BEIJING Ah, those clever Chinese. First they invent gunpowder and a few other essentials of modern civilization. Now they're gunning their economic engines. Yet who would have thought that, after a millennium of poverty, they'd already do so many things better than we?
In fact, compiling a Top 10 list of what China does better than Canada isn't easy. There are so many items. To whittle it down, let's assume it's unfair to count anything related to cheap labour.
So we won't include the wonderfully thorough mop-ups of supermarket spills: The staff don't plunk down those yellow you-can't-sue-us caution signs. They actually fan the floor with a broken sheet of Styrofoam until it is dry.
Nor will we mention the exquisite, free head-and-shoulder massages that come with every shampoo and haircut.
And we will only sigh with envy over bicycle couriers speeding theatre tickets to you the same day -- free.
Frequent travellers will love this one: Even remote rural hotels in China, not previously known for world-beating hygiene, now routinely slip blankets, quilts and coverlets into freshly laundered duvet covers. No more puffy bedspreads and nasty polyester blankets that cover guest after guest without being cleaned, which is still the practice in most of our hotel chains.
Considering how cheap labour is, it's astonishing that so many Chinese facilities offer free automated lockers now, the way European airports and train stations do. No more old-fashioned keys to form a lump in your pocket -- just a slip of paper with a randomly chosen number that lets you retrieve your belongings. Stores like them because they cut shoplifting; customers like them because they reduce schlepping.
Not all progress is good. Taxis, subways, trains and elevators barrage you with non-stop ads on flat-screen videos. Some city buses feature live television. Who wants that? Pickpockets, probably.
For this list, we won't count minor things, either, like the narrow plastic bags that department stores and offices offer on rainy days to sheathe your dripping umbrella. Or the invention of the electronic fly swatter, which electrocutes without squishy messes (and is now available in dollar stores in Canada).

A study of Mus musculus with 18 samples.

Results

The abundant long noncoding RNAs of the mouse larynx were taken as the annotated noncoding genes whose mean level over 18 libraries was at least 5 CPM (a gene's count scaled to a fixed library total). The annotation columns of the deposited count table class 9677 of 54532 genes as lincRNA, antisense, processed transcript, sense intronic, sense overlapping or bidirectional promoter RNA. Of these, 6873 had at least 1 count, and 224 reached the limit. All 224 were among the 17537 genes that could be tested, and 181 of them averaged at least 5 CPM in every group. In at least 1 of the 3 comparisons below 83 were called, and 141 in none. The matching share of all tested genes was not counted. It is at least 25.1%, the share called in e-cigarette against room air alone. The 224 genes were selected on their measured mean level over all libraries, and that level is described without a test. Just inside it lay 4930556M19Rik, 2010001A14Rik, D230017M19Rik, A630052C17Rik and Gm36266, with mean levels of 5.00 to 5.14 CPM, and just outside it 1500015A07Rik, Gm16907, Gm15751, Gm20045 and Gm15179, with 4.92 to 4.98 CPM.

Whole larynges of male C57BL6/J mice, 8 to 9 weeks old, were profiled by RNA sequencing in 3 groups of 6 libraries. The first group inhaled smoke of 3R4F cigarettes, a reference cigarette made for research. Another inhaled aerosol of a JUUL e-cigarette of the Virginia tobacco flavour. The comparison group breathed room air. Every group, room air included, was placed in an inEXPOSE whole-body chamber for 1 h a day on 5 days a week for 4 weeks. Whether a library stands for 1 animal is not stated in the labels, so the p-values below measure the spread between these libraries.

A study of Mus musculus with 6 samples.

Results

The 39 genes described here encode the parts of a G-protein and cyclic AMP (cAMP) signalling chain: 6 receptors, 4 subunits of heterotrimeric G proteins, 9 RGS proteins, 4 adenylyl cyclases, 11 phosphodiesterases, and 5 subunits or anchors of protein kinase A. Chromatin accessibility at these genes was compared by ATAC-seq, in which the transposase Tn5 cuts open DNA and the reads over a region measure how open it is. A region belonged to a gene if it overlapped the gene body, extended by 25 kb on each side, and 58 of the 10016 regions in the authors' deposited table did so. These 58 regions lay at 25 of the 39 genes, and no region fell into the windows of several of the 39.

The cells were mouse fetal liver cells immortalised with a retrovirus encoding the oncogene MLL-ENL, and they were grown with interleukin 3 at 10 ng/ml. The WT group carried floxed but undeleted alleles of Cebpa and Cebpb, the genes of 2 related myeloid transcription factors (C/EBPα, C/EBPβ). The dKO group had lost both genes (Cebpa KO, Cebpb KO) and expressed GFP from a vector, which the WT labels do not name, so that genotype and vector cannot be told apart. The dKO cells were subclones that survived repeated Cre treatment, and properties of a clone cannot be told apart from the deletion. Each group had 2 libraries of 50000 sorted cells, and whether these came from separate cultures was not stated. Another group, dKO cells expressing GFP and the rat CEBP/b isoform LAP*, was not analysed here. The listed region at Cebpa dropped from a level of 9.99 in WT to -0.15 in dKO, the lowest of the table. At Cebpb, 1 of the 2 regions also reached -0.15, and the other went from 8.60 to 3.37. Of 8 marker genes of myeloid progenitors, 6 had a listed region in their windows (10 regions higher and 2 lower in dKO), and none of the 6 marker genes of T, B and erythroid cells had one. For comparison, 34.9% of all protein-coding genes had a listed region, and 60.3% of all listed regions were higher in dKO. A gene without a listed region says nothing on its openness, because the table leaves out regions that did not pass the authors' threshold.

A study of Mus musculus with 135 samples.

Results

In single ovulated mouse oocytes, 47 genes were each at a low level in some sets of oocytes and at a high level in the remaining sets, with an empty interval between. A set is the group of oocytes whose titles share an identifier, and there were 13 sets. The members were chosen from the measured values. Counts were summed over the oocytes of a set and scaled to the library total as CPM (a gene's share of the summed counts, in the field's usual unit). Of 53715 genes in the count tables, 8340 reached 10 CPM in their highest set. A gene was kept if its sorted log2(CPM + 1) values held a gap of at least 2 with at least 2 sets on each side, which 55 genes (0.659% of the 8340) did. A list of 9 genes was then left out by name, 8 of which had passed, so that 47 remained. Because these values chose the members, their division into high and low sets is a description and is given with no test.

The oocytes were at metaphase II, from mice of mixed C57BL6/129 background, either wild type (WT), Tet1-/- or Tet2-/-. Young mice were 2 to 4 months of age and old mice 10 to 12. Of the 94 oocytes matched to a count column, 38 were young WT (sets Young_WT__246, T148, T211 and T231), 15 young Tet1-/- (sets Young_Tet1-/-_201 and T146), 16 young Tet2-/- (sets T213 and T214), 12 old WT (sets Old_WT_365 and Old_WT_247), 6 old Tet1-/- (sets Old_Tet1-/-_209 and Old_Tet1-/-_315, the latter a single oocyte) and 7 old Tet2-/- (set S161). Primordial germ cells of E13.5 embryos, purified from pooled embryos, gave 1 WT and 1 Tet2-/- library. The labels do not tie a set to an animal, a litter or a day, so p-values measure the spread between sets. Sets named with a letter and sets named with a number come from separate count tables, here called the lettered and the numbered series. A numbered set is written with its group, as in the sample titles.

On this list, we won't count mega things, either, like the soaring architectural wonder of China's airports -- even in provincial capitals like Fuzhou -- awash in natural light. (Not to mention that you can understand the public announcements, and the restaurants are much better.)
We won't include the vast subway and highway systems and huge underground garages that Beijing, Shanghai and Canton have built in astoundingly little time. Or Shanghai's magnetic-levitation train, the first in the world, which accelerates to 431 kilometres an hour in 2 minutes and 53 seconds. Even the Germans who designed it can't afford one for themselves.
No, for this list we were looking for truly brilliant ideas, the forehead-slapping kind, the ones that make you say: Now why didn't we think of that?
By any standard you can think of -- coverage, price, ubiquity -- China's cellphone practices beat ours. You can use them in elevators, subways and parking garages. They work in Tibet, at the Great Wall, in remotest rural China, which is more than you can say for Ontario cottage country. Patients, doctors, nurses and visitors use them in hospitals, too, with no apparent ill effects.
It's a cheap, pay-as-you-go system, with no stupid monthly contracts or credit checks. The phones are so cheap -- even sidewalk cabbage vendors have them -- that China is now the biggest cellphone market in the world. With 300 million in use, each one telling time, wristwatch sales have plummeted.
"We're a nation of thumbs," a young Shanghai woman told me, meaning that Chinese use cellphones like BlackBerries, text-messaging friends 24/7, at 1.6 cents a pop. The Chinese never got used to voicemail or answering machines; installing home phones was equivalent to two years pay in the 1980s, so the country leapfrogged over landline technology right into cellular.
Chinese author Qian Fuchang even plans to transmit a novel -- about an extramarital affair -- via text-messaging, one 70-word chapter at a time.
2. Informative stop lights
In Tianjin, a city of 13 million people, traffic lights display red or green signals in a rectangle that rhythmically shrinks down as the time remaining evaporates. In Beijing, some traffic lights offer a countdown clock for both green and red signals.
During a red light, you know whether you have time to check that map; on a green light, you know whether to start braking a block away -- or to stomp on the accelerator, as though you were a Toronto or Montreal driver. (That's probably why Montreal has a few lights with countdown seconds for pedestrians.)
3. Transit debit cards
Wouldn't it be great to have a single debit card for buses, subways -- and taxis? That's how it works in Shanghai. Passengers don't have to fumble for exact change on buses and subways, or line up to buy tokens or tickets. Taxi drivers don't have to make change, or get ripped off by counterfeit bills, a real plague in China. And they aren't loaded down with cash, which would make them tempting targets for robbery.